Oct. 24 (UPI) -- A judge on Tuesday sentenced former Philadelphia District Attorney Seth Williams to five years in prison for bribery.
Williams pleaded guilty in the federal corruption case and resigned from office in June. The former official admitted he took tens of thousands of dollars in gifts, defrauded a nursing home and friends of money intended for a family members's care, and used political funds and government vehicles for his personal benefit.
Judge Paul Diamond gave Williams the maximum sentence -- five years -- and slammed him for "profound misconduct."
"Almost from the time you took office, you sold yourself to the parasites you surrounded yourself with," Diamond said. "You humiliated the men and women of the District Attorney's Office."
Williams didn't directly address the court, but his lawyer read a statement apologizing to his friends, family and the people of Philadelphia.
"I have made mistakes - mistakes of character and judgment," the statement read. "These are my mistakes and my mistakes alone."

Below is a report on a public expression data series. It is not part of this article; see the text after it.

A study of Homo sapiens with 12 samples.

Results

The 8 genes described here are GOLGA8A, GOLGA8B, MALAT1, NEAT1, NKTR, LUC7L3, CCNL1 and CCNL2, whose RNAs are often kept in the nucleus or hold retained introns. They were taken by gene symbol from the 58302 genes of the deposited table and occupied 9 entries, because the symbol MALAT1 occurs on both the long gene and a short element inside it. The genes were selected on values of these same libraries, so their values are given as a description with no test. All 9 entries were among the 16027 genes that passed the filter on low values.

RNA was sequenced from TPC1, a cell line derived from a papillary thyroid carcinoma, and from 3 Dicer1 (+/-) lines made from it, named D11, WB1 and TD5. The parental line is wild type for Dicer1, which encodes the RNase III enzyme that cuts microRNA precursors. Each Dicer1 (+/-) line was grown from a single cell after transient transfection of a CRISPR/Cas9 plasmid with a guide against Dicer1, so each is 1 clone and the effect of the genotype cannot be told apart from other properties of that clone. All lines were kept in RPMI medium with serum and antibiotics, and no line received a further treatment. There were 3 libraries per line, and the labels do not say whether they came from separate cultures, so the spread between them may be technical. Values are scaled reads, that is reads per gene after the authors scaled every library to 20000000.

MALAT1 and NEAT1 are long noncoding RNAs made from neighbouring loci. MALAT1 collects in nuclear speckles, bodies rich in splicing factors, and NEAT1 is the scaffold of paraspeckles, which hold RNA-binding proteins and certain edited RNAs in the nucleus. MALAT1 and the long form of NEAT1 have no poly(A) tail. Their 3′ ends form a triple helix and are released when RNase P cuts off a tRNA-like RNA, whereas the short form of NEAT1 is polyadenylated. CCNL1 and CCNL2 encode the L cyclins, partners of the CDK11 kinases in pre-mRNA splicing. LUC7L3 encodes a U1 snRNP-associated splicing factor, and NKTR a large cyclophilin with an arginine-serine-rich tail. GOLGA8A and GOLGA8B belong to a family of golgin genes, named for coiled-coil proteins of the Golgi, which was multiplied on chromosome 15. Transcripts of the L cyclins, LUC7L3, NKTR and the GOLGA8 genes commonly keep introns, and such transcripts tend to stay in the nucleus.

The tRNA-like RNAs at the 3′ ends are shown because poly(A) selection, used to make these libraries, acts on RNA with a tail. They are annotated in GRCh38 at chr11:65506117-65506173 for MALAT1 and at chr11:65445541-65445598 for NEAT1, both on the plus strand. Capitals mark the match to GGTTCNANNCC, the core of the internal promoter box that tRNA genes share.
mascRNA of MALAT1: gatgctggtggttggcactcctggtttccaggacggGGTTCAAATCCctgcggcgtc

Williams, 50, had faced nearly 30 corruption charges that could have brought substantial prison time. As a result of his plea, his maximum sentence was reduced to five years.
At trial, prosecutors argued that Williams was motivated to accept graft by mounting financial struggles -- although Philadelphia's district attorney takes a yearly salary of $175,000. In April, the Pennsylvania Supreme Court suspended his license to practice law and the city ethics board fined him nearly $65,000 for unlawfully accepting about $175,000 worth of gifts -- actions that became central tenets of the U.S. government's corruption case against him.
Doug G. Ware contributed to this report.